Wm. Booth,

who was

Executed at Stafford, on Saturday, Aug. 15, 1812, for Forgery & Coining.

William Booth, the subject of the following narrative, was born at Ullenhill, in the parish of Wootton Wawen, in the county of Warwick, of respectable parents, he was brought up a firmer, and settled in a farm of about two hundred acres of land at Perry Barr, in the county of Stafford, about five miles from Birmingham, where, not being content with honest industry, betook himself to forgery and money making, which he carried on to a great extent in his house, which was more like a manufactory than a farm house, he employed several people to work for him in that evil practice, who were taken and convicted with him.—He had trap doors from one room to another, and his house was so strongly barred and bolted that it was almost invulnerable to the attack of any assailant.—The police was attended by a party of dragoons when they were taken.

He was brought to trial on Friday the 31st of July, 1812 before the Hon. Sir Simon le Blanc, and found guilty of forgery; the next day he was brought to the bar with some of his accomplices, and convicted of coining dollars, 3s. and 1s. 6d. bank tokens, &c.; after which, the learned Judge passed sentence of death upon him, in the most awful and impressive manner. He heard his sentence without the least dismay, and at the conclusion bowed respectfully to the court.

On Saturday, the 15th of August, the awful preparations which usually precede public executions having been gone through, the unhappy criminal was conducted to the fatal drop; he ascended with a firm and steady step, but turned his back upon the populace almost immediately; after some time spent in prayer, the rope was adjusted, and a signal being given by the malefactor, (throwing his handkerchief from him that he was ready to submit to his fate,) the drop sunk, when, shocking to relate, by the cord slipping from the fatal tree, the unfortunate man fell from the top of the gallows upon the platform, a distance of eight or ten feet, where he remained motionless and insensible for some minutes, but on the halter being removed from his neck, and suspended animation restored. he betrayed no symptoms of pain, fear, or impatience, but resumed with the clergyman, with increased fervor and resignation, his devout supplications to the Almighty, for forgiveness of his offences; and having begged the executioner to fasten his hands securely, he again, with great fortitude, ascended the drop; after some delay taking place, (in distressing and protracted preparations,) before the sentence was carried into effect, he gave a second signal, but from some unforseen circumstance the drop of the platform did not fall, and he again called for his handkerchief, which was given to him, and on his throwing it from him a third time, the drop fell, and he died without struggling.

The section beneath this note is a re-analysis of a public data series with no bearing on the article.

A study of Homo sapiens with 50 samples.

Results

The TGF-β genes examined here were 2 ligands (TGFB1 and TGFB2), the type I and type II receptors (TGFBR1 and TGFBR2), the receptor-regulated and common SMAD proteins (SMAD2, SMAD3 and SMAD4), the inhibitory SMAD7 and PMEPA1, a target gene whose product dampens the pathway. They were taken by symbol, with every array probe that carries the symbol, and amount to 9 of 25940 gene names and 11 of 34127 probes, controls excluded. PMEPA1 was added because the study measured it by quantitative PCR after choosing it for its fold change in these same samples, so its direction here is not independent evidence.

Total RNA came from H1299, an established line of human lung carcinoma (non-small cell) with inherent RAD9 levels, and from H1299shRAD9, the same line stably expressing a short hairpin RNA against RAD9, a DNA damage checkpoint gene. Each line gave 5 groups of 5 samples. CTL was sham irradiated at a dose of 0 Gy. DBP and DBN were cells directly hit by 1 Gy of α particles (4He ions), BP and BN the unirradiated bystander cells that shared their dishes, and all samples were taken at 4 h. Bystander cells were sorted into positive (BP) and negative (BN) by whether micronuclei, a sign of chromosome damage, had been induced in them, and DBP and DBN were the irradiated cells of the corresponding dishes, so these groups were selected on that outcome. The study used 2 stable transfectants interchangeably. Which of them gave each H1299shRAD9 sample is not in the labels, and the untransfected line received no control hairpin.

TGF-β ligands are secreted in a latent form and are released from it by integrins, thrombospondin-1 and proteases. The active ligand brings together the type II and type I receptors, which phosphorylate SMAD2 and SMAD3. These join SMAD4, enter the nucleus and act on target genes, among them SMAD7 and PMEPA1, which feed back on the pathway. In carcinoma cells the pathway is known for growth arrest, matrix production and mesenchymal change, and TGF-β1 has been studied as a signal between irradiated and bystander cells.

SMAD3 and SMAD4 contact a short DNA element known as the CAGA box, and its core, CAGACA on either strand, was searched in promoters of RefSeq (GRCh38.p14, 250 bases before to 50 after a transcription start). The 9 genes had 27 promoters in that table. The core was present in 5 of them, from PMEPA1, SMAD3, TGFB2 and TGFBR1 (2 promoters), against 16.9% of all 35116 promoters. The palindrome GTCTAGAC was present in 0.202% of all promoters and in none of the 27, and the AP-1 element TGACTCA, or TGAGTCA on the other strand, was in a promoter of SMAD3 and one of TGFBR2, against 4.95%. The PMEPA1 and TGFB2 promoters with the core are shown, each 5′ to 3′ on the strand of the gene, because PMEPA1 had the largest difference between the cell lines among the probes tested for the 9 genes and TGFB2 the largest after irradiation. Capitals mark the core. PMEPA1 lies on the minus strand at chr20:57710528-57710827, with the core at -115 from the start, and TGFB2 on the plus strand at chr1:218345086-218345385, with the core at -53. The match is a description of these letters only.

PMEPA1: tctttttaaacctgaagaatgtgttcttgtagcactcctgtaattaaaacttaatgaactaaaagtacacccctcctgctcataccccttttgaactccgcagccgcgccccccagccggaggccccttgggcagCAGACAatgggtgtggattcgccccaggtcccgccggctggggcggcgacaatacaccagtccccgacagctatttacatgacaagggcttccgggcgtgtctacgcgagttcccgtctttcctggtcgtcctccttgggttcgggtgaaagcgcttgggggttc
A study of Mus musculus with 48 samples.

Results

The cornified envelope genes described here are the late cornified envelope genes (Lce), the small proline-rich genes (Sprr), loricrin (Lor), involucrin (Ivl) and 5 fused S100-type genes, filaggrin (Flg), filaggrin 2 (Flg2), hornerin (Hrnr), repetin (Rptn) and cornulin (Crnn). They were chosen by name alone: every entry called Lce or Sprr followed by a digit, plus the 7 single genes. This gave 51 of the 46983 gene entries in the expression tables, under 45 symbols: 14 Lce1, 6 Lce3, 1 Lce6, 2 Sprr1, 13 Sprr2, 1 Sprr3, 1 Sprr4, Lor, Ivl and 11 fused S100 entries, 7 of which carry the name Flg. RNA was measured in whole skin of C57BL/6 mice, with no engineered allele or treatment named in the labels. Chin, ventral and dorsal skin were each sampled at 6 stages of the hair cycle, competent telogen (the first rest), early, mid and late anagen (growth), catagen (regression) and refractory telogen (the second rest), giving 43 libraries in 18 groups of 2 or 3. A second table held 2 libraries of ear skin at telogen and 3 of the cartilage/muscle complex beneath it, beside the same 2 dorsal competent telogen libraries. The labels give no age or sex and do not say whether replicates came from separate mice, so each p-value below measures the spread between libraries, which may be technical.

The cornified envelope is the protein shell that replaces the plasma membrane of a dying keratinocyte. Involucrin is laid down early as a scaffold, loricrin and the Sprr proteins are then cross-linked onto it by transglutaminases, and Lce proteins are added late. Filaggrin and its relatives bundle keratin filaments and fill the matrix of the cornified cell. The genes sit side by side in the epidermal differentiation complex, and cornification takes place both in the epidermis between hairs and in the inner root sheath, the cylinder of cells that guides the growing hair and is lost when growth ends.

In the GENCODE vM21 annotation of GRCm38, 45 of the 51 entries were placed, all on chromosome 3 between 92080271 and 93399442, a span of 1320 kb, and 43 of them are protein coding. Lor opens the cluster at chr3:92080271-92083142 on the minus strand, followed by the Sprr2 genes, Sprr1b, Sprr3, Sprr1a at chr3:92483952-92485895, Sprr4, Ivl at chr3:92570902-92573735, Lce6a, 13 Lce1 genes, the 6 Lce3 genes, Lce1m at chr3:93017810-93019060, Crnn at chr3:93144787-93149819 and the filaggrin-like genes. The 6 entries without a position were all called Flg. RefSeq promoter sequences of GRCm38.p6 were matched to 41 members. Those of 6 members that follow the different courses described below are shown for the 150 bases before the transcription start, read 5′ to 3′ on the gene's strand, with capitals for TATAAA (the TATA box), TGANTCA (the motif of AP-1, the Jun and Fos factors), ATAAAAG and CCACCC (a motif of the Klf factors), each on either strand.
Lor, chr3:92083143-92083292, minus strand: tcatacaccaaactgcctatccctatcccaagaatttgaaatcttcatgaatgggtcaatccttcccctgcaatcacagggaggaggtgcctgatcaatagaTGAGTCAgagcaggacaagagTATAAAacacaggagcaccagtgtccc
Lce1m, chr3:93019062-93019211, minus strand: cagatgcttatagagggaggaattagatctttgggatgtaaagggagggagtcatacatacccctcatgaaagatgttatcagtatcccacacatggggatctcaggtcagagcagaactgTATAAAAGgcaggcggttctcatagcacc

No man ever submitted to his fate with more decent composure, manly fortitude, and intrepid firmness, but we understand he made no confession whatever, either previous to, or at the place of execution. The dreadful circumstances above related, took up a period of nearly two hours before its awful termination, and a vast concourse of spectators, such as was never before witnessed, attended on this melancholy occasion, and all appeared much affected with his unfortunate and untimely end.

His wife, his sister, and his two daughters (the one about fourteen and the other three years of age,) took their final leave of him on the day preceding, and a more distressing scene cannot easily be conceived. He was thirty-three years of age.

Turner, Printer.


This work was published before January 1, 1925, and is in the public domain worldwide because the author died at least 100 years ago.